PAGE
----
In a rare move for airlines, Delta initiated a quarterly dividend and announced that it would return $1 billion to shareholders over the next three years, a move that the company's CEO, Richard Anderson, called a signpost for change in the industry.
"It's an important day for Delta," Anderson said Wednesday. "What we've really done in the company is that we have come to a sustainable business model that throws off significant free cash flows for our shareholders."
"Our decision today to begin a dividend and a buyback program is real evidence of change in the industry," he added.
Along with returning cash to shareholders, Anderson pointed out that the company is changing its capital structure, aiming to reduce the company's net debt position and "de-risk" the balance sheet. Doing this, he said, will make the beta on the stock much more attractive to long-term shareholders.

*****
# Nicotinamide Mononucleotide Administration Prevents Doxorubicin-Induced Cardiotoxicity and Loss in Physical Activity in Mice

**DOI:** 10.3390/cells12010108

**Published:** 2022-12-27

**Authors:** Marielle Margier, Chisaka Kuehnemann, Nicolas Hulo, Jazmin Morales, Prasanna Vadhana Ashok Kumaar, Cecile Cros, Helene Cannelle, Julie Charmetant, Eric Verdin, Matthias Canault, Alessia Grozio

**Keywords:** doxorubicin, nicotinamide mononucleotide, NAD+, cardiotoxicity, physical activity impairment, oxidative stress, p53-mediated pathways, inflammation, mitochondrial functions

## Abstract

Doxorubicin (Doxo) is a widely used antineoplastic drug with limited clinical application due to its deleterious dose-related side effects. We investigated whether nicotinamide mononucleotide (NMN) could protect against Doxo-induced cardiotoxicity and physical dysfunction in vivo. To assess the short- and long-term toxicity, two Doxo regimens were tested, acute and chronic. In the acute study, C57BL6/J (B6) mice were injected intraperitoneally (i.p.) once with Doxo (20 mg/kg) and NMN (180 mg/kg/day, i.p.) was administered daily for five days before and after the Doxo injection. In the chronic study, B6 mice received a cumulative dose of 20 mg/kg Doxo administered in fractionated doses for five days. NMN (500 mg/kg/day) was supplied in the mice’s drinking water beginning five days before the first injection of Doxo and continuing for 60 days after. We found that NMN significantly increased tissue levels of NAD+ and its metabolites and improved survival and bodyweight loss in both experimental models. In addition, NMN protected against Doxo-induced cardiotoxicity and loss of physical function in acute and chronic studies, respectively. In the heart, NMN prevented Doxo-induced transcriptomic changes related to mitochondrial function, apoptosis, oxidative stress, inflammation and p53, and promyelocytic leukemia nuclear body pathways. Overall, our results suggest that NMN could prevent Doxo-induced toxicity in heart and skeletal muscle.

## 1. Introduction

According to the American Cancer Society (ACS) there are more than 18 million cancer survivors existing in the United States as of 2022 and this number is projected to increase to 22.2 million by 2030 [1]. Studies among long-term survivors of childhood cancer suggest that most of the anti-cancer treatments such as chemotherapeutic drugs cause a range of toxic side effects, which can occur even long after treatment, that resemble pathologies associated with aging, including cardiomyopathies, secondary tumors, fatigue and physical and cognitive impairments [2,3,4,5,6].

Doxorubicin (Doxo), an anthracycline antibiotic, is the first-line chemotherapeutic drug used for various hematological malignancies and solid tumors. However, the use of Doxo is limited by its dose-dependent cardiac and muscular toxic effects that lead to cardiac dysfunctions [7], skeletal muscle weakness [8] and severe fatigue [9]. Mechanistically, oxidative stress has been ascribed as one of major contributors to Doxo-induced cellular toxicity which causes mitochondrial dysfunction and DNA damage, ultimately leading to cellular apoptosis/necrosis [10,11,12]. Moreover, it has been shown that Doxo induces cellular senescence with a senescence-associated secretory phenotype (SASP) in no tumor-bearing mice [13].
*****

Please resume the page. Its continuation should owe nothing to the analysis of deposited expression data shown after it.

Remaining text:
While Delta is on track to have its most profitable year in history, Anderson said an "interesting phenomenon" is helping them get there. He said that the full airline industry is experiencing an overall reduction in fuel costs that "more than offset" the hit to profits from broad economic conditions.
Earlier on "Squawk on the Street", CNBC's Jim Cramer encouraged investors to be bullish on airline companies in general.
"Airlines—three things they have going for them," Cramer said. "One, it's almost impossible to get a new plane if you want to start a startup against them. Two, these companies now have much more fuel efficient planes. Three, the mergers. We have a Justice Department that's a shareholder's dream."
"I always love it when the Justice Department blesses anti-competitive situations, because we all make so much money. The airlines are fabulous to invest in," Cramer said.